Congratulations to our winners!
5’s Everyday Changemaker Photo Contest challenged you to take a photograph of an inspiring changemaker, and tell us why they deserve to be celebrated, for a chance at winning one of two €2500 prizes.
We received more than 100 stunning portraits, and 10 finalists were selected: five chosen by our jury of top photographers; and five chosen by the 5 community on Instagram.
We can now reveal the winners of the 5 Jury Prize and the 5 Community Prize.
5 Community Prize
WINNER: Aman Alam
Aman Alam (alampanah) photographed KS Manjunath, a former manager of a garment factory who lost his job in the pandemic, and ended up having to take a job sewing in another factory.
Instagram responded enthusiastically to Aman’s photo. Mishti.and.meat said: “Here’s hoping Manjunath’s resilience survives against all odds. What a beautiful picture.” Indiain35mm said: “Thank you for sharing Manjunath’s story. His perseverance to provide for his family given the circumstances is truly inspiring.”
Read more about Aman and how he captured his winning photo here.
The judges said: “The photographer references family as the first agent of change in her life, and alludes to the complexity of our familial bonds, and our relationship with home. In a time of profound unrest and upheaval, the everyday act of nurturing is essential. To respond to a world in flux by tending to each other is radical, and its importance is often overlooked. We are thrilled to be awarding Maysa’s image, which honours the relationships that move and shape us, and our world.”
Read more about Maysa and how she captured her winning photo here.
The Community Finalists
Vitalik Denys photographed Arnetta who has battled depression.
Charaf Lahib photographed Chaimae, a young girl living in Morocco.
Salaheddine El Bouaaichi
Salaheddine El Bouaaichi photographed Salma Hajjam, who has vitiligo.
Laila Affane captured this woman finding a moment of calm.
Aman Alam photographed factory worker KS Manjunath.
The 5 Jury Finalists
Misha Vallejo Prut photographed Patricia Gualinga, an environmental activist and leader of the indigenous Kichwa community of Sarayaku, who is fighting the government of Ecuador to keep oil companies out of the rainforest.
Greg Gulbransen photographed Shane Johnson, a former senior member of the Ku Klux Klan, who left the group. He is now a preacher who denounces hate and helps prisoners and gang members turn their lives around.
Annabel Oosteweeghel photographed performance artist and activist Naomie Pieter, who recently won an award from the Dutch political party GroenLinks for her commitment to the queer community in Amsterdam.
Sanne de Wilde
Sanne de Wilde photographed Coco, creator of ‘The Albimazing Network’ a safe space for people living with albinism to connect and share their stories. She is a powerful storyteller, channeling her own experiences to empower others.
Maysa Leite photographed her family. She says: “Our first social institution, the reason that makes us get up and want to be better every day. It’s as if it were part of our air or a supporting pillar.”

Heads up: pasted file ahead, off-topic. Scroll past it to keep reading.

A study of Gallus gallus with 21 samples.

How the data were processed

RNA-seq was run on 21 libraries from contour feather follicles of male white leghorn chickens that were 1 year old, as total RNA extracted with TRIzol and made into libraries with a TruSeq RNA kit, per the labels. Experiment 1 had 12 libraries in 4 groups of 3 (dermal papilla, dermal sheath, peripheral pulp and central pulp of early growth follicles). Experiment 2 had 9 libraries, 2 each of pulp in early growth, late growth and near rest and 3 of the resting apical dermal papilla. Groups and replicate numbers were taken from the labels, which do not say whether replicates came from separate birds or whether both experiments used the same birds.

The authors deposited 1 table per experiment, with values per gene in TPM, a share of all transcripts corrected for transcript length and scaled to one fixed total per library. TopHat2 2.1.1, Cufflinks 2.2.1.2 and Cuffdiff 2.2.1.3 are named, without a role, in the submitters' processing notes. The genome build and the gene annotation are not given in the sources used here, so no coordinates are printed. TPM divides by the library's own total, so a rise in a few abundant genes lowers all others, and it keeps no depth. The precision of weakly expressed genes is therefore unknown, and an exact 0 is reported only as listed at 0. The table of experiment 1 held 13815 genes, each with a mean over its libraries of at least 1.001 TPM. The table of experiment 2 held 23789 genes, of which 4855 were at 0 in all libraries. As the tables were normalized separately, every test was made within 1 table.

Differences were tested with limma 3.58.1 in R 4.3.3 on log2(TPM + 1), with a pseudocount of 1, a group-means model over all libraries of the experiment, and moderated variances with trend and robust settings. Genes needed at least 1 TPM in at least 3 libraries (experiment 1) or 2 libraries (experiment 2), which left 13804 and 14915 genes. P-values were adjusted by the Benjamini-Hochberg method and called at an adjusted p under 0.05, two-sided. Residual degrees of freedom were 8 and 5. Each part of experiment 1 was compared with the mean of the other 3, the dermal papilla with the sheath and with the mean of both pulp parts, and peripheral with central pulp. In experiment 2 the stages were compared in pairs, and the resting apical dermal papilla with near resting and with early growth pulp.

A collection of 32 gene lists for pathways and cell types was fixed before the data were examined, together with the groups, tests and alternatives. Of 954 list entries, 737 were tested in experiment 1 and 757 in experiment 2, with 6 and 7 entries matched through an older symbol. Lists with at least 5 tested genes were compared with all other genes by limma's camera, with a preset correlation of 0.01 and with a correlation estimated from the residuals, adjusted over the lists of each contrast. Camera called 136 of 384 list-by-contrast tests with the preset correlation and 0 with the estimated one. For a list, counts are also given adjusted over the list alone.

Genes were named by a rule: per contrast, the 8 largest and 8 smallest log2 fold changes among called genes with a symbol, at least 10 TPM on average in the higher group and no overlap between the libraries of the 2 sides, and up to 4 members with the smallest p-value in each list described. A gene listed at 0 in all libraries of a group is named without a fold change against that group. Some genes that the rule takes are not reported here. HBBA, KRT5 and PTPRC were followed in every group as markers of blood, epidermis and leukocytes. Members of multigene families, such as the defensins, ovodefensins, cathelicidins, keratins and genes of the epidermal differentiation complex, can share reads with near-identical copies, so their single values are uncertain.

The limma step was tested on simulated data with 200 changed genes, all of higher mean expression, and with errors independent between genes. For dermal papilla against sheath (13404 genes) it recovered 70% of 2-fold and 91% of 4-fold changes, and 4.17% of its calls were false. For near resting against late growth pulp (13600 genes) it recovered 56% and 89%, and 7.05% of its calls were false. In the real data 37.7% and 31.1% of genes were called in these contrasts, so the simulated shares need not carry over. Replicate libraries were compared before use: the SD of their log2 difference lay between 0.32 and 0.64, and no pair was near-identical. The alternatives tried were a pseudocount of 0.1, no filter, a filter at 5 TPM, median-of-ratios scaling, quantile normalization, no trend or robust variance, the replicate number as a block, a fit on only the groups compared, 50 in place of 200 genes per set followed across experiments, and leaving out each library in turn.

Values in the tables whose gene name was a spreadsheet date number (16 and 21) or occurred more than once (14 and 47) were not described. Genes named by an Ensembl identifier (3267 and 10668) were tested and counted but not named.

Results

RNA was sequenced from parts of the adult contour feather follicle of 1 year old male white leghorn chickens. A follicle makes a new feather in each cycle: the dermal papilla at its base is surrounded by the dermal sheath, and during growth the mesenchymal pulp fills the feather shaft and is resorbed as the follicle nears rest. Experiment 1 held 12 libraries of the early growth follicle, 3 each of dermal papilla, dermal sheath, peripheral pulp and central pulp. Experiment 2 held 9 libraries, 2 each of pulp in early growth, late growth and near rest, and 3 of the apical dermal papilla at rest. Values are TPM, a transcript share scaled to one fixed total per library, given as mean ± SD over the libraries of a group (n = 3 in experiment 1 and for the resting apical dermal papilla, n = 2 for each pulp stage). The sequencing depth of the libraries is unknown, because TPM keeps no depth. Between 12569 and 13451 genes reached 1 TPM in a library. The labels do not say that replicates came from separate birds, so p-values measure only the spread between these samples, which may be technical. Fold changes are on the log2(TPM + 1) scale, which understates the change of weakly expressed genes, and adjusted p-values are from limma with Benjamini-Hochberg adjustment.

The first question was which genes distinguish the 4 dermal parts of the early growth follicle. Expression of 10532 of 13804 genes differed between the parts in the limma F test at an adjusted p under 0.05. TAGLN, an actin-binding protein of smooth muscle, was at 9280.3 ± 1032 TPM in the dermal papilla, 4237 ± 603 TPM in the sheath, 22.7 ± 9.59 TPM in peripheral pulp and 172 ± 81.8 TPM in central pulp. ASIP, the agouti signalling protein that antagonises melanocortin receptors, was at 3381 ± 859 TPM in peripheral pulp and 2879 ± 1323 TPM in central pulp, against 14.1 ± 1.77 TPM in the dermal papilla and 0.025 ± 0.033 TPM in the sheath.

Ismail is a young photographer from Morocco whose work focuses on family. He works regularly with his brother and sister, both as models and creative partners. His work seeks to shine a light on family relationships, including issues that are often not discussed, such as distance and estrangement. “I am trying to treat this issue throughout my work, showing that family is one of the most valuable gifts in our lives,” Ismail says.
Luisa Dörr is a Brazilian photographer whose work focuses on the feminine human landscape. Through the quietness of her storytelling, she uses the portrait as a vehicle to explore the complexity of human nature and femininity. Luisa’s work has been published in Time, National Geographic, The New York Times, Geo and Wired, among others. In 2019 she won third prize in the portrait stories category of the World Press Photo Award. Luisa is currently working on long-term projects related to racial rights and the role of women in agriculture.
Danish photographer Ken Hermann is passionate about individuals and their unique histories. He explores the fragile balance between people and their environment, between tradition and modernity. Ken’s photos weave together cultural and political content, blending documentary and cinematic portraiture. His application of lighting, combining artificial with natural, takes the images into a surreal space, creating dreamlike visions of everyday people.
Originally from the Netherlands, Rob Hornstra works on long-term documentary projects that take him all over the world. He has published several books, produced documentary series for international magazines, and taken part in numerous exhibitions. He is head of the photography department at the Royal Academy of Arts in The Hague, and founder of Fotodok – a venue for documentary photography events and education in Utrecht.
Hannah Reyes Morales
Hannah Reyes Morales is a Filipina photographer whose work documents tenderness in the face of adversity. Her photography, both visceral and intimate, takes a look at how resilience is embodied in daily life. Based in Manila, Hannah’s work explores the universal themes of diaspora, survival, and the bonds that tie us together. She has been published in The Washington Post, The New York Times, National Geographic, Al Jazeera and The Southeast Asia Globe.